2020 Nursing Page Update


A photo of Lisa Sahd and Anna Crawford

Nursing Student Anna Crawford ’22 coauthored an article with faculty member, Professor of Nursing Lisa Ruth-Sahd ’83, on sarcoidosis for the journal Nursing.

York College Nursing major Anna Crawford ’22 woke up on January 31, 2020, with severe chest pain. She assumed it was just her asthma acting up, though deep down she felt that something wasn’t right.

Anna struggled to make it through the day. Every time she inhaled, the pain grew worse. Even walking became difficult. She had an exam that day, so she pushed through. But while walking back to her dorm, she struggled to catch her breath. The pain was excruciating.

By dinnertime, Anna was feeling faint. She decided she needed to go to the emergency room.

The doctors performed several lab tests and took X-rays before telling her they needed a CT scan of her chest.

Shortly after the scan, a doctor walked into Anna’s room with a box of tissues and told Anna that she had masses all over her lungs. She believed Anna had metastatic lung cancer. Anna called her mom in tears, and they decided to seek a second opinion at a hospital closer to home.

A New Diagnosis

Anna found a pulmonologist near her hometown who performed an array of new tests and scans.

“There were so many tests,” Anna says, “but he was on the ball. He got me into appointments that would normally take months.”

The masses on her lungs were growing fast. On March 6, 2020, a thoracic surgeon took three masses out of Anna’s left lung. A biopsy confirmed they were not cancerous. Anna learned that she had a rare disease called necrotizing sarcoid granulomatosis.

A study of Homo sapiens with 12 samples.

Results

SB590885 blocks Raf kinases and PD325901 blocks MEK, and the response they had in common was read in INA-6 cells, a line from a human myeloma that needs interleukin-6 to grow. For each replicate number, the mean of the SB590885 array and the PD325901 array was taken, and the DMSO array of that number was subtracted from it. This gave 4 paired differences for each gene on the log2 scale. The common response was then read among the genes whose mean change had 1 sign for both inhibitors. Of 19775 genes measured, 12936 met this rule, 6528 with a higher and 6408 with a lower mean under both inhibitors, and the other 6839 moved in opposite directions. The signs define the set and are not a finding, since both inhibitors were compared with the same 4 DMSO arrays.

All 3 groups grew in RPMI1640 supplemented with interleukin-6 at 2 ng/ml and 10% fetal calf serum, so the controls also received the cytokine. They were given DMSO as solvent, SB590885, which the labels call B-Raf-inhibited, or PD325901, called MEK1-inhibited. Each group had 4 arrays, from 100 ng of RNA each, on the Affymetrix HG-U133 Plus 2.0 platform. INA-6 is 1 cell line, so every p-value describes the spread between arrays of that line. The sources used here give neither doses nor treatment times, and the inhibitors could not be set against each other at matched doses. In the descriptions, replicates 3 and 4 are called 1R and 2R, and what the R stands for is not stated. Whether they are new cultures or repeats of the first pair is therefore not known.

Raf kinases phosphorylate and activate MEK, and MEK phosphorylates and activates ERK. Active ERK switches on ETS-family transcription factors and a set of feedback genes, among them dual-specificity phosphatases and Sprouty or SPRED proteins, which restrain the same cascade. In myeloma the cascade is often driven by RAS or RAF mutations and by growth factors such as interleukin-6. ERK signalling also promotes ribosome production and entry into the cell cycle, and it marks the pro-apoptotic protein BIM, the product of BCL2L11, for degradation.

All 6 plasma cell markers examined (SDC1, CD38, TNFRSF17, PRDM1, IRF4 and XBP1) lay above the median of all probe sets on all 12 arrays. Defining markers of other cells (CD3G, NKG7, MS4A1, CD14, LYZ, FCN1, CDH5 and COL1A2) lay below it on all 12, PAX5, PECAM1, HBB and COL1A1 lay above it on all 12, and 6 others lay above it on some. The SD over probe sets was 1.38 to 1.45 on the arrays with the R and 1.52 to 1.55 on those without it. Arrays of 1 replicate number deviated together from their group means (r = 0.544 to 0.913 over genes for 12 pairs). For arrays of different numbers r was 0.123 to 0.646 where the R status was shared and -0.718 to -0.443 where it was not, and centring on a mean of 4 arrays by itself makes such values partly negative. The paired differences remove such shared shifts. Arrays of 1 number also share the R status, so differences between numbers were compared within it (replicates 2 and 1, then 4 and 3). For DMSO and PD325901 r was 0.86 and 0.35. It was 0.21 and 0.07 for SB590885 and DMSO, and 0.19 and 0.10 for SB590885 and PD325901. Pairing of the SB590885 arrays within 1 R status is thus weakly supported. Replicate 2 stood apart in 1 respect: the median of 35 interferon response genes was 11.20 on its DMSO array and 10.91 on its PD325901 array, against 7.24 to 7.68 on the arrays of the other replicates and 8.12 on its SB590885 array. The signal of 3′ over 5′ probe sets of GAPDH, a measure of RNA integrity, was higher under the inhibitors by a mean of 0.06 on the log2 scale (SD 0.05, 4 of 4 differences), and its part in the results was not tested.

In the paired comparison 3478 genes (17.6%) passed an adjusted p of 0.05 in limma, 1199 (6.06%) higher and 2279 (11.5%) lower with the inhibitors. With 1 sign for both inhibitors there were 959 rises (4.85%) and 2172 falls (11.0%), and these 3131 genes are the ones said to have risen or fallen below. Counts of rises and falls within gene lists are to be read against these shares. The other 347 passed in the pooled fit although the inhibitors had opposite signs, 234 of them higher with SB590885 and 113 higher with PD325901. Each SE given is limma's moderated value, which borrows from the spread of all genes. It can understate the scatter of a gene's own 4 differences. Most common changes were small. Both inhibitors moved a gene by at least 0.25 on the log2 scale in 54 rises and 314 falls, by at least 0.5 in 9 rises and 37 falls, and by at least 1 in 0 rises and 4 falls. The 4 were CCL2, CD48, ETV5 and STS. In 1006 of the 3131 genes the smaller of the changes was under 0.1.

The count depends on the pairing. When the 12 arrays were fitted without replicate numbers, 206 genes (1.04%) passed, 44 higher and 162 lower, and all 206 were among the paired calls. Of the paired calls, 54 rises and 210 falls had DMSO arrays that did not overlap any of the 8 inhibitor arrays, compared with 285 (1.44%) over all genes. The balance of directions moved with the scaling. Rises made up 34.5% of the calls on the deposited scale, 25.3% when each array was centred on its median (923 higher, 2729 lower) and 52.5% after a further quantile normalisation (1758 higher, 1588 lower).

According to an article that Anna and Professor of Nursing, Lisa Ruth-Sahd ’83, D.Ed., coauthored for a peer-reviewed Nursing journal, “Sarcoidosis is a multisystem inflammatory disease that leads to the formation of abnormal masses or nodules called granulomas in various organs.”

As Anna learned more about her diagnosis and experimented with various treatments, she went through the process like a true nurse, analyzing all the data. She mentioned her condition to Professor Ruth-Sahd, who asked if she would like to write about her experience. In January 2021, the pair began researching, writing, and analyzing Anna’s CT scans, X-rays, and lab results. Their resulting article was selected for publication in the journal Nursing in December 2021.

“Anna was my student and was missing some clinical experiences due to suffering from sarcoidosis,” says Professor Ruth-Sahd. “Trying to achieve individualized, yet rigorous education, she and I crafted this assignment where she would share her case study.”

Though going through diagnosis and treatment proved grueling for Anna, writing about it was an extremely satisfying process.

“It’s rewarding knowing that I am making an impact on the way future patients may be cared for by nurses,” Anna says. “It has made me realize how important it is to teach others about disease experiences.”  

Professor Ruth-Sahd was also pleased with the progress they were able to make. “Very few undergraduate students, or even graduate students, are fortunate enough to publish while in school,” she says. “So, for an undergraduate student I am very proud of Anna. We worked collaboratively throughout the entire publication process and because Anna was very willing to make writing revisions, I was also able to mentor her through the many steps of the online publishing. Hopefully, Anna will now want to publish future nursing articles.”

Throughout her diagnosis and treatment, as well as a difficult bout with COVID-19, Anna continued to attend the Dr. Donald E. and Lois J. Myers School of Nursing and Health Professions full-time. She looks forward to graduating this year. She hopes to work in a hospital intensive care unit or in a cardiothoracic specialty.

“I’ve always loved taking care of people,” Anna says.